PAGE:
Block on Trump's Asylum Ban Upheld by Supreme Court
Read this, even if you think your phone is secure.
This update is about the law as much as the technology. Recent court decisions should give you more reasons to double check your cell phone.
And if you haven't secured your phone in the first place, then start with some basics:
If 1.5 billion email hacks are not reason enough to make you change your passwords, then consider that Yahoo's general counsel lost his job over it. The company concluded its lawyers and senior executives failed to conduct an adequate investigation of the incident.
Yahoo discovered the security breaches last year, and notified users repeatedly: change your passwords because user names, email addresses, telephone numbers, dates of birth and passwords were compromised. Cell phones with email connections, of course, were also compromised.
Model Rule 1.6 provides that lawyers must "safeguard information relating to the representation of a client," including the "inadvertent or unauthorized disclosure of, or unauthorized access to, information relating to the representation of a client." As technology changes, the ethical requirements change with it.
Lawyers are expected to implement reasonable efforts, such as software and hardware safeguards and policies for internet, email, and cell phone use to prevent the unauthorized access to their clients' correspondence, notes, and other records. When it comes to cell phones, that includes email, text messages, and other files.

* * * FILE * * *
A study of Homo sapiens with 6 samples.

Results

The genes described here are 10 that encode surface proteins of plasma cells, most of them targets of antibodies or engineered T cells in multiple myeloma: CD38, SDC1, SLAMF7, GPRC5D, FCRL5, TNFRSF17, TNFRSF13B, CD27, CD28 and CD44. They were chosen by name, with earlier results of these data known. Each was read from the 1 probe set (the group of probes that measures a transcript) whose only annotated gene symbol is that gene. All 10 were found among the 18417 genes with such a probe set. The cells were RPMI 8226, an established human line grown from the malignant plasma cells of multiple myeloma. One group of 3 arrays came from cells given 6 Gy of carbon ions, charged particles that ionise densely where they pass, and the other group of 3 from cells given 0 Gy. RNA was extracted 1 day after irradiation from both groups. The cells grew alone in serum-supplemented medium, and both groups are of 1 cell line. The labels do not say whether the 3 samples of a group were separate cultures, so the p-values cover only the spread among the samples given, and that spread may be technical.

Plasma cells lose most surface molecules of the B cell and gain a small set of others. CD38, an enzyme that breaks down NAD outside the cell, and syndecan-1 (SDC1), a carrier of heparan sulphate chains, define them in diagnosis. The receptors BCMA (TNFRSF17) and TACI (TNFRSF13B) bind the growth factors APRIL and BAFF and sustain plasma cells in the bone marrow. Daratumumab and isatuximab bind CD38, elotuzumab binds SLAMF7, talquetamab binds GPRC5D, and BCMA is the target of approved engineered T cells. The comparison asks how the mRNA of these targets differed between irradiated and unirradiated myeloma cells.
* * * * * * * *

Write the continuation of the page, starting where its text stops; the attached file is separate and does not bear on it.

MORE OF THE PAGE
Newer smartphones have built-in encryption technologies, and many apps also offer privacy protection. But users should check settings and update software regularly because even "anonymous" programs are not completely secure.
Whisper, for example, is a free app that allows people to communicate anonymously. However, it keeps geolocation information that can reveal a user's location. While a user can turn off geolocation services on a device, the company can still extract a location from IP data.
Increasingly, courts are finding that legal privileges can be lost through electronic communications. Uploading files to the cloud, for example, can waive confidentiality.
A federal appeals court said this month that uploading files online was "the cyber world equivalent of leaving its claims file on a bench in the public square and telling its counsel where they could find it."
In California, the state Supreme Court ruled last week that personal phones, email accounts and other devices may turn otherwise private information into public records.
The court said that government employees who use private cell phones or personal devices for work-related communications must be available for public scrutiny. This extends to their communications with non-government workers and goes beyond mere waiver of a privilege; it means anybody has a right to obtain the information.